The U.S. Congress needs to help restore global trust in the nation's technology vendors by reining in surveillance programs at the National Security Agency, an industry representative told lawmakers Tuesday.
Recent revelations about NSA surveillance programs have created a "misimpression" about the U.S. technology industry and are eroding trust in those companies, said Dean Garfield, president and CEO of the Information Technology Industry Council (ITI). The furor over the NSA surveillance programs could lead to lost income in the tens of billions of dollars for U.S. cloud providers, and many U.S. tech vendors are already hearing complaints, he said.
The U.S. needs a "public policy course correction" on NSA surveillance, Garfield told the U.S. House of Representatives Judiciary Committee.
"Made in the U.S.A. is no longer a badge of honor, but a basis for questioning the integrity and the independence of U.S.-made technology," Garfield said. "Many countries are using the NSA's disclosures as a basis for accelerating their policies around forced localization and protectionism."
To stop a "protectionist downward spiral," Congress needs to ensure greater transparency over NSA surveillance and provide stronger oversight, including a civil liberties advocate at the U.S. Foreign Intelligence Surveillance Court. Congress also needs to find ways to restore trust in the encryption standards process at the U.S. National Institute of Standards and Technology (NIST), he said, after revelations by former NSA contractor Edward Snowden that the NSA worked to compromise the process.
Some witnesses and lawmakers seemed to call for larger changes to NSA surveillance programs, with several calling for President Barack Obama's administration to scrap the NSA's bulk collection of U.S. telephone records.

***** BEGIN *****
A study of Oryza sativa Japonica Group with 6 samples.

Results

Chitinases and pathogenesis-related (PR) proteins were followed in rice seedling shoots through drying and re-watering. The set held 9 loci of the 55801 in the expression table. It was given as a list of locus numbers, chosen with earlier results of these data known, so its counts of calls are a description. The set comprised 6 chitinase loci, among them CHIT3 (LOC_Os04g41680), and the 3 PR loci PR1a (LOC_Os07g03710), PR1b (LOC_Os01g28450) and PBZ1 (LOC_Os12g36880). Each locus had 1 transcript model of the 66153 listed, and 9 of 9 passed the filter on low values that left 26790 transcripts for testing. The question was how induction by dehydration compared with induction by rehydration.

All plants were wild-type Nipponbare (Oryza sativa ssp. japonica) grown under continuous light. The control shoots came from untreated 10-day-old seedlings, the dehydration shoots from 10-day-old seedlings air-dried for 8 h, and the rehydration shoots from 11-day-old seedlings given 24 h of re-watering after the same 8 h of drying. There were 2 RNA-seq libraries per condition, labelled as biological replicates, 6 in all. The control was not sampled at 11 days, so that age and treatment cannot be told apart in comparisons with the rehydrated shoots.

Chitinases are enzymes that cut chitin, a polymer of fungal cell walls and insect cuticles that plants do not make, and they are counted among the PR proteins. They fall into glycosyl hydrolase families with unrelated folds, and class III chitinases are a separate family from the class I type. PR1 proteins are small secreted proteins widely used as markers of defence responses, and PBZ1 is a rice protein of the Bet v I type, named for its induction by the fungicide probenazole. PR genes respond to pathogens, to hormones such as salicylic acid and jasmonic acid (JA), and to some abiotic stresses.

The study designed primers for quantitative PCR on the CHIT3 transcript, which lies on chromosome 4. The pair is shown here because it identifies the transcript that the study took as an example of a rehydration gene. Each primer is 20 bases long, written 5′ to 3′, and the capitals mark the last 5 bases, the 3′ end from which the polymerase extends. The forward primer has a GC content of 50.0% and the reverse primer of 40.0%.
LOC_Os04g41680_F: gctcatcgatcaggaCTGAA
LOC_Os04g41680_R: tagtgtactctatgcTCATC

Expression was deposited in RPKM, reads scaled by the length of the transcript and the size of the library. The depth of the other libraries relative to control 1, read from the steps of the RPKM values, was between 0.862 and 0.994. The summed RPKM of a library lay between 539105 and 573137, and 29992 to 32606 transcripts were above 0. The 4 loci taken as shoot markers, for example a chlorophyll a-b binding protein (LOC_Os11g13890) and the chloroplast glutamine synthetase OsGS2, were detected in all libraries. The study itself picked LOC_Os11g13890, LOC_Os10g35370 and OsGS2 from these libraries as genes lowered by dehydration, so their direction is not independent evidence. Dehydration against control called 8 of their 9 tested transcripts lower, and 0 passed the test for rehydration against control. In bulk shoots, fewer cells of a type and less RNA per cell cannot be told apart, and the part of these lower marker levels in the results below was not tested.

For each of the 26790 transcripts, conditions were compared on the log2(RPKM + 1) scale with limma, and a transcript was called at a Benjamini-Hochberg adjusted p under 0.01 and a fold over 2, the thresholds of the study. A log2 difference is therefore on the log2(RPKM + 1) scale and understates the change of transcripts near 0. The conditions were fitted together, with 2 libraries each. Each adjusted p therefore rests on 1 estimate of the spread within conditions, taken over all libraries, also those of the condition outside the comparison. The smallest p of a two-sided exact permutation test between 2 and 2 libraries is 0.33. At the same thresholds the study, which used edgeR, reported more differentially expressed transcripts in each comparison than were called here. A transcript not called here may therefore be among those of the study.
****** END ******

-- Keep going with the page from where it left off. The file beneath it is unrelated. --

Representatives of Obama's Review Group on Intelligence and Communications Technology, which recently recommended major changes to the phone records program, and the U.S. Privacy and Civil Liberties Oversight Board, which called the program illegal, testified at the hearing.
Several lawmakers, both Republicans and Democrats, questioned the legality of the phone records program. Representative Ted Poe, a Texas Republican, questioned how many criminal cases federal investigators have filed using information from the phone records program.
There "may be one," said James Cole, deputy attorney general in the U.S. Department of Justice.
"One criminal case?" Poe said. "[The program] is an invasion of personal privacy, and it's justified on the idea that we're going to capture these terrorists. The evidence that you've told is all this collection has resulted in one bad guy having criminal charges filed on him."
Cole defended the phone records program, saying the information it provides helps with large investigations. "The point of the statute is not to do criminal investigations," he said. "The point of the statute is to do foreign intelligence investigations."
Officials with the Obama administration haven't accurately described the NSA programs to Congress, said Representative Trent Franks, an Arizona Republican. "We feel that we have been blatantly deceived on what some of these programs have done," he said.
Congress should pass the USA Freedom Act, an NSA reform bill that has several Judiciary Committee sponsors, said David Cole, a constitutional law professor at the Georgetown University Law School. The bill would allow the DOJ and NSA to collect U.S. phone records only when they are connected to a suspected terrorist.
"That is how the administration sold what they were asking Congress to do" when it asked for new authority in the Patriot Act to collect information relevant to a terrorism investigation, he said. "I don't think a single member of Congress thought, 'what we mean by that is there are no limits on the business records that you can get.'"
But Steven Bradbury, a former DOJ official, defended the phone records program. Some NSA reform proposals "would expose the nation to vulnerability by substantially weakening or even destroying outright the effectiveness" of the phone records program, he said.
Proposals to add a civil liberties lawyer at the surveillance court would slow down the collection-approval process there, and "would, I fear, prove dangerously unworkable in the event of the next catastrophic attack on the United States," he added.
Grant Gross covers technology and telecom policy in the U.S. government for The IDG News Service. Follow Grant on Twitter at GrantGross. Grant's email address is firstname.lastname@example.org.